Dublin's Criminal Courts of Justice Pic; RollingNews.ie

07 Jul 2022 / courts Print

IHREC before Supreme Court in SCC challenge

The Irish Human Rights and Equality Commission (IHREC) appeared before the Supreme Court this week in the case of two men who are appealing a High Court decision that they can be tried for murder before the non-jury Special Criminal Court.

Earlier this year, Mr Justice Anthony Barr rejected a challenge by Gerry Hutch and Jonathan Dowdall to the continued existence of the Special Criminal Court.

The Supreme Court granted leave to appeal, on the grounds that there was a need to clarify the law on this matter of public importance, which should be determined by the court.

IHREC was given approval to appear before the Supreme Court as amicus curiae (friend of the court).

The two men’s challenge focuses on section 35(2) of the Offences Against the State Act 1939, which allows the Government to make a proclamation bringing into existence the Special Criminal Court.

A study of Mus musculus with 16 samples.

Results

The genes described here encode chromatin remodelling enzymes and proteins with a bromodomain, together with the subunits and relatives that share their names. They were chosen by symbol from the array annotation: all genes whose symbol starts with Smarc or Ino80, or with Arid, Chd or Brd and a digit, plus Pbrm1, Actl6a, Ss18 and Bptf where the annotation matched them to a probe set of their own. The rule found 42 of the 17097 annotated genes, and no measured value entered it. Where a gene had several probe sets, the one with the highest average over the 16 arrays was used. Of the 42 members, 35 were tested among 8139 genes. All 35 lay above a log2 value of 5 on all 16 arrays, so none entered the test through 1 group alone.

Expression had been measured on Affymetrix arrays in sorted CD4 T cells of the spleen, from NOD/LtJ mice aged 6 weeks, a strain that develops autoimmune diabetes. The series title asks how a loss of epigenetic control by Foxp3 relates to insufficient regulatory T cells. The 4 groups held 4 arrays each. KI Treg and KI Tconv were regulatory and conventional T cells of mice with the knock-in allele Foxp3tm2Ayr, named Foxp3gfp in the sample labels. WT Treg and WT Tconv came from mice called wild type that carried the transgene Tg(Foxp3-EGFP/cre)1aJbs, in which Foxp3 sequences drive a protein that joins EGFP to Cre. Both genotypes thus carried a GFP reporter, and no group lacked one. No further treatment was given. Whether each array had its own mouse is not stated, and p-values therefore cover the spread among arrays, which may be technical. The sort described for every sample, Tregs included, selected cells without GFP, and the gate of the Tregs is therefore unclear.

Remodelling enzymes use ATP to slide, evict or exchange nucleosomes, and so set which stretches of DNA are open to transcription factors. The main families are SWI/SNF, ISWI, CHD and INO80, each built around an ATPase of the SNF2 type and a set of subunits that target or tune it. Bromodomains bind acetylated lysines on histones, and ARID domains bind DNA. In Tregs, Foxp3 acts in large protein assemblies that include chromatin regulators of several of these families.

It permits a proclamation to be made, however, only for a temporary period, to cater for a particular state emergency. The Special Criminal Court was established by an order made by the Government on the 30 May 1972.

Courts’ role of review

IHREC argued before the court that the decision of successive Governments to maintain the 1972 proclamation in force had resulted in special courts becoming an “accepted and normalised feature” of life in the State.

It argued that the “obligation to provide a reasoned, objective justification” for using special courts applied “not just to individual prosecutorial decisions, but to the justification for use of the proclamation power”.

As a result, the commission submitted that a failure by the courts to acknowledge their role in reviewing the duties of the Government under the 1939 act would have “a seriously detrimental effect on the protection of the constitutional right to trial by jury”.

IHREC said that the courts should bring these powers of review to bear when the operation of a proclamation was due for consideration, and examine “whether the reasonableness and proportionality of the measure” had been demonstrated.

The Supreme Court has reserved its decision.